Friday, October 29, 2010

Trees and other stuff

Despite the fact that I have now been to five movies in six days (two National Theatre Live performances and three movies at the Italian Film Festival) I have been thinking a lot about my next piece and hope to make a start next week. I have made some notes and done another page in my latest workbook which helps the focus.

Quote: You can't do what you don't know if you keep on doing what you do know.

In the meantime, more about the Chathams where the landscape is low-lying and exposed to the surrounding seas. Strong winds are consistent and leave an influence on the trees.

These trees are the native ake ake which is a different cultivar to that on mainland New Zealand. The result of the winds is pretty evident!

I like the contrasts in a clump of trees, especially the 'wave' patterns when the wind blows.

The NZ Dept of Conservation (DOC) is very evident in the Chathams. They have a full-time staff of 16 which makes it the biggest ratio per population (580)within NZ. While we were in the Chathams they had a session on a remote seaside area, planting out 1500 ake ake tree seedlings. The school children (about 40 pupils), parents and their teachers, do such plantings once a year. We tourists decided to join them, and I planted about 30 trees. Perhaps I will return one day to see 'my' mature trees!

Monday, October 25, 2010

Chatham Islands

I have now returned from my week in the Chatham Islands, 800km east of New Zealand, 44°S. These isolated islands belong to NZ and currently have a permanent population of about 580 people. Its primary income is from fishing and stock farming. It has an incredible history with its first inhabitants the Moriori, the early whalers, sealers and missionaries from Germany and France, and the arrival of the Maori and English settlers. Enough to say here that it was a great week, the hospitality was outstanding, and the weather much better than what has been reported back home! It was rather like stepping back in time, and all that was good in my own back country upbringing. However, I would not wish to live there permanently, they have to be very self-reliant. Day-to-day living is costly, with supplies being shipped in from NZ. Longtime residents are very proud of the Chathams and their inheritance.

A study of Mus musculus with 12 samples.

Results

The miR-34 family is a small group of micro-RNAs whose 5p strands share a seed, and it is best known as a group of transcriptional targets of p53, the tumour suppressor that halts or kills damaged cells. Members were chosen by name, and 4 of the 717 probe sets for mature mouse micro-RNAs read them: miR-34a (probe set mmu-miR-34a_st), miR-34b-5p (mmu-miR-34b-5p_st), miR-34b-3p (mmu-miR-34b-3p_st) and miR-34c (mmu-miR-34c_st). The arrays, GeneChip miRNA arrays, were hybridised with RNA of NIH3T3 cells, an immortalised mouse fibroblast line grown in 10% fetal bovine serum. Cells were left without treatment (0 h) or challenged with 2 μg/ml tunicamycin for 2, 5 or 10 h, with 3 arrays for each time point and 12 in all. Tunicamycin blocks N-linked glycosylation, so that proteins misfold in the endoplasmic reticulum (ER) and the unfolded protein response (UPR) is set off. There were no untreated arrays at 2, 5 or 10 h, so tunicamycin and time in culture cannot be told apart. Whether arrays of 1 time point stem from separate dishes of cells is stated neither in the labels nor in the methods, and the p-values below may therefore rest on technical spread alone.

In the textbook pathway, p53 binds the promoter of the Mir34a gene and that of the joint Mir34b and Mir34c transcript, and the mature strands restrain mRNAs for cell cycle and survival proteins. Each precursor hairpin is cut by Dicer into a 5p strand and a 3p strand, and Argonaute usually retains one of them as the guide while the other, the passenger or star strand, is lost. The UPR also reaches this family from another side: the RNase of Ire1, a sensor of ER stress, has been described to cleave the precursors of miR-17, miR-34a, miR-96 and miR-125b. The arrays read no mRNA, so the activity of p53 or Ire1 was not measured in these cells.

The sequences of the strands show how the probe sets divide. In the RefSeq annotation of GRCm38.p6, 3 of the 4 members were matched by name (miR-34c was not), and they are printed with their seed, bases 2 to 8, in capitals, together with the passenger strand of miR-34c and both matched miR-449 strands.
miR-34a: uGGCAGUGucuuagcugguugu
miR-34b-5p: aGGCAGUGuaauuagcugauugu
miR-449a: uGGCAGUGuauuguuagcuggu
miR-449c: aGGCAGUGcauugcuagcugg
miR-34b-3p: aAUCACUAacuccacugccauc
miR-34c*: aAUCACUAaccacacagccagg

Thank you to those who left comments on the blogs which self-posted while I was away, your comments are much appreciated. I have yet to start work again, ideas are forming but they need more time before I make a start. In the meantime, I shall continue to report on the Chathams. Here are some general photos:

Waitangi, the main township on the Chathams.

A typical road through farmland, most roads are gravel, with some sealed roads through the towns. In this photo the sea mist forms a haze across the island.

Coastline on the south region of the island.

This is quite a special photo. If you look very closely on the centre left you can just see a narrow strip of Te Whanga Lagoon, a fresh water lake. The sea on the right is the Pacific Ocean.